Stephen Ukandu, Umuahia
Former Minister for Finance, Dr Kalu Idika Kalu, has expressed disappointment over the outcome of the February 25 presidential and national assembly elections, saying that the exercise was fraught with manipulations and violence.
The elder statesman who spoke while featuring on Ikengaonline monthly town-hall meeting said that even those who were declared winners of the polls would not be very proud of the process that produced them.
“Even those declared winners are not proud of what INEC did,” he regretted.
He expressed surprise that the presidential candidate of the Labour Party, Mr Peter Obi, who, he said commanded tremendous support and followership across different geopolitical zones did not win the poll.
The two-time Minister also decried the voter apathy that characterised the governorship and house of assembly elections, blaming it on the brazen manipulation that marred the presidential poll.
He said the morale of many voters was dampened by the failure of INEC to honour its own promises that results would be transmitted from the polling units using the Bi-modal Voter Accreditation System, BVAS machines.
Idika said that the conduct of the elections as also attested to by many observers, fell short of expectations of a country projected to make the top ten largest economy by 2050.
He, therefore, called on the judiciary as the last hope of common man to save Nigeria’s democracy and restore hope and confidence of the people in the electoral process by handling the election petitions dispassionately.
According to him, it is up to the judiciary to determine if we need a fresh election or supplementary elections in some places.
He, however, appealed for calm as the judiciary carefully and thoroughly looks at the petitions.
On the Naira re-design policy of the Central Bank of Nigeria, CBN, shortly before the polls, Kalu dismissed it as useless and ill-advised.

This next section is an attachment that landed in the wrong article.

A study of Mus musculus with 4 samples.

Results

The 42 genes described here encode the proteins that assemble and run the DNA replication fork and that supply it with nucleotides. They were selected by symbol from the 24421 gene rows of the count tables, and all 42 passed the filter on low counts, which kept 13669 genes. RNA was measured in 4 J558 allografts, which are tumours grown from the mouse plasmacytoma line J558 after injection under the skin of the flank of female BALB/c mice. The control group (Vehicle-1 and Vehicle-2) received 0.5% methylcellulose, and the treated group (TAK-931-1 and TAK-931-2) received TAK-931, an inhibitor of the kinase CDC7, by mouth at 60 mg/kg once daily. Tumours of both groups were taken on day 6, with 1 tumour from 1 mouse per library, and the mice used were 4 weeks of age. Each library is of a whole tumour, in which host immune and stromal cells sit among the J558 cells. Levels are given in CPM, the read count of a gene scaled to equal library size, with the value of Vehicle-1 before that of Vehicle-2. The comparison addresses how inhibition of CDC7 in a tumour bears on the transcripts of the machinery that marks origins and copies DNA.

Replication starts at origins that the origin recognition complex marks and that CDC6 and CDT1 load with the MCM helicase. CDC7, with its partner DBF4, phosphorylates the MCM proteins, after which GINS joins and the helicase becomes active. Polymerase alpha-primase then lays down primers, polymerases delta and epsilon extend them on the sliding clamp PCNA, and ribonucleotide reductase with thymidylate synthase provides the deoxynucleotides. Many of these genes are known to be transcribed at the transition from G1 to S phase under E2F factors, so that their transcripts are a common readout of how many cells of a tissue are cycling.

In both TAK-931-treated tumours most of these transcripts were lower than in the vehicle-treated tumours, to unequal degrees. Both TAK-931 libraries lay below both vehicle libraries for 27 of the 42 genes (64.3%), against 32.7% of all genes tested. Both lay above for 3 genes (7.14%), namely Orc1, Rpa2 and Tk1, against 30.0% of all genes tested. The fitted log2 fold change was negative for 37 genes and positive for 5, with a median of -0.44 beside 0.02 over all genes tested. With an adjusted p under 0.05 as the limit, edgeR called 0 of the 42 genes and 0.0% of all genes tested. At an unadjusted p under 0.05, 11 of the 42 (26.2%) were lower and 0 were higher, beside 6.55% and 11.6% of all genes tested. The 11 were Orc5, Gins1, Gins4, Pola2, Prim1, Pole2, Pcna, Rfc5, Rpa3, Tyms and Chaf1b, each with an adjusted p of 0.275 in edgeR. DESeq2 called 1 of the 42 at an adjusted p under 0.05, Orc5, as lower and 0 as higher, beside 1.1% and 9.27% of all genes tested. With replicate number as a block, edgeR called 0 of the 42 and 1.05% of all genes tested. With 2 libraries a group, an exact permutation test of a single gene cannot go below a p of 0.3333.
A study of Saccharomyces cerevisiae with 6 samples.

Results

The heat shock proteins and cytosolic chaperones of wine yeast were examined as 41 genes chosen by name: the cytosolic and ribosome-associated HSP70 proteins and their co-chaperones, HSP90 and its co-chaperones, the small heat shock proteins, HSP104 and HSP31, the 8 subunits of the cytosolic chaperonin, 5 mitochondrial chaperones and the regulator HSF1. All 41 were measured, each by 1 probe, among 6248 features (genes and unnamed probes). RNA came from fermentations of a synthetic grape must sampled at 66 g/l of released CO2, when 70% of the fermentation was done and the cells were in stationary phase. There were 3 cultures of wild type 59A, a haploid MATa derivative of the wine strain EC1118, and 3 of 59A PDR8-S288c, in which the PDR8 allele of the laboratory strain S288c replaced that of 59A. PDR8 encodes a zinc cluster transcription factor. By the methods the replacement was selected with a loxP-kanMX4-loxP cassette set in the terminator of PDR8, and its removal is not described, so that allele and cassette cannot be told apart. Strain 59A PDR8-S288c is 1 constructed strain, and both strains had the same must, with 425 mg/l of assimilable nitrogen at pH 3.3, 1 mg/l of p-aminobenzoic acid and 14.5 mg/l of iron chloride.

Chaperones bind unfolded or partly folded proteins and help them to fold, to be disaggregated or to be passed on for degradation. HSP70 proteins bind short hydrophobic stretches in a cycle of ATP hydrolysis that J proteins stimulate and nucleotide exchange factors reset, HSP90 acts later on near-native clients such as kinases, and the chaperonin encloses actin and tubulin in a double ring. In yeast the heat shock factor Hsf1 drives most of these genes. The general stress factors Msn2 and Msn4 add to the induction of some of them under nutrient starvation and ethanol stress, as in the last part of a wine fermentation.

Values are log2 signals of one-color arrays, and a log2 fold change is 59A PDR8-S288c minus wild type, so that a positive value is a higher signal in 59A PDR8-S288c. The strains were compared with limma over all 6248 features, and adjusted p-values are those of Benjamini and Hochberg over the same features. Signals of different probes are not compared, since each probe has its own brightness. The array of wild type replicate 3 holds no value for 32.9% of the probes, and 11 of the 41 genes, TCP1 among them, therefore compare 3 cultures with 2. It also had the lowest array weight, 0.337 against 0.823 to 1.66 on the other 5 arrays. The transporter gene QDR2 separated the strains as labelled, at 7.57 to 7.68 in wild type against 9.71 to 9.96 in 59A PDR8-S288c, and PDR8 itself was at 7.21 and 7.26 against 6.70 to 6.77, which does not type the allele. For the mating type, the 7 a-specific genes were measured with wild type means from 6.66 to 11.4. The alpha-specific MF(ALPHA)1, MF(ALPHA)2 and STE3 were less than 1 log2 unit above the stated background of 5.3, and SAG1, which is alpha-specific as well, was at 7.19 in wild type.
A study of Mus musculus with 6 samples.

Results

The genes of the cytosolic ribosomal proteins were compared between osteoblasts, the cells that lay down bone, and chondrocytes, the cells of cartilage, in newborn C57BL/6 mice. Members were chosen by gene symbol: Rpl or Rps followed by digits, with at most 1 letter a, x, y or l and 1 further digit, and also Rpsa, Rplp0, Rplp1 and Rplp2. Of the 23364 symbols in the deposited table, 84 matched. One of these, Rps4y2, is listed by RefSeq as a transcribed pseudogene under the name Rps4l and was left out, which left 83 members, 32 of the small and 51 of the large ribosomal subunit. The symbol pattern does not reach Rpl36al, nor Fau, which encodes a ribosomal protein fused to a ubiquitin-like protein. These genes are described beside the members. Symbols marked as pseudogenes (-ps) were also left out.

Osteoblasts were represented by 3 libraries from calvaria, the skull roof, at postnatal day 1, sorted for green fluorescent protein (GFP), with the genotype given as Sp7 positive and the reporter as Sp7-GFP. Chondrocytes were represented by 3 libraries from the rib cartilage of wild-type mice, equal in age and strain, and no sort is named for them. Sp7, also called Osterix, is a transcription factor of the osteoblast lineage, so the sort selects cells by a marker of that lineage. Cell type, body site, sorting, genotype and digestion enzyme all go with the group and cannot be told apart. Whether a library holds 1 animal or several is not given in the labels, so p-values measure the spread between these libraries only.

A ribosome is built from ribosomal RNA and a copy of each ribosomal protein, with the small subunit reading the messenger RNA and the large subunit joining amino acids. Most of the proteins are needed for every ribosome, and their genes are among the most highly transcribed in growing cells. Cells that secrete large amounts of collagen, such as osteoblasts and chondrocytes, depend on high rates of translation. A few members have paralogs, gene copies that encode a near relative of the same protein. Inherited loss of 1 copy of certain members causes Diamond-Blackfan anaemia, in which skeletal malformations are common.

He regretted that the policy instead of achieving any good objective, brought woes and hardship on the citizens.
The Wisconsin University-trained Economist argued that contrary to claims by the CBN, the policy was unable to prevent vote buying during the elections.
The elder statesman who noted that “currency change is not even a monetary policy,” called for purposeful planning to avoid plunging the country into economic confusion.
Kalu who strongly condemned the burning of Igbo dominated markets in Lagos in the aftermath of the general elections described the ugly development as disturbing, and a danger signal.
He said that Nigerians must agree to peacefully co-exist or split peacefully instead of stoking the embers of ethnic tension and conflict.
“We need to redefine our national ethos. We are Nigerians and should be proud of our diversities and not promote ethnic tensions and conflicts.
“We should outgrow the primordial sentiments that characterised the general elections. Such barbaric acts should be obsolete in our system.”
The elder statesman said the Igbo had no apologies for their political choice, and should not be made targets of political persecution.
He called on the relevant agencies to quickly fish out the masterminds of the barbaric attacks and apply adequate sanctions.
Kalu, however, advised Ndigbo to be more subtle considering their peculiar circumstances in Nigeria.
He insisted that Nigeria must be made to work otherwise, we are all doomed.
“If we don’t get it right at this juncture we are in a total mess. By 2050, Nigeria should be the number three in population, number 10 in economy.”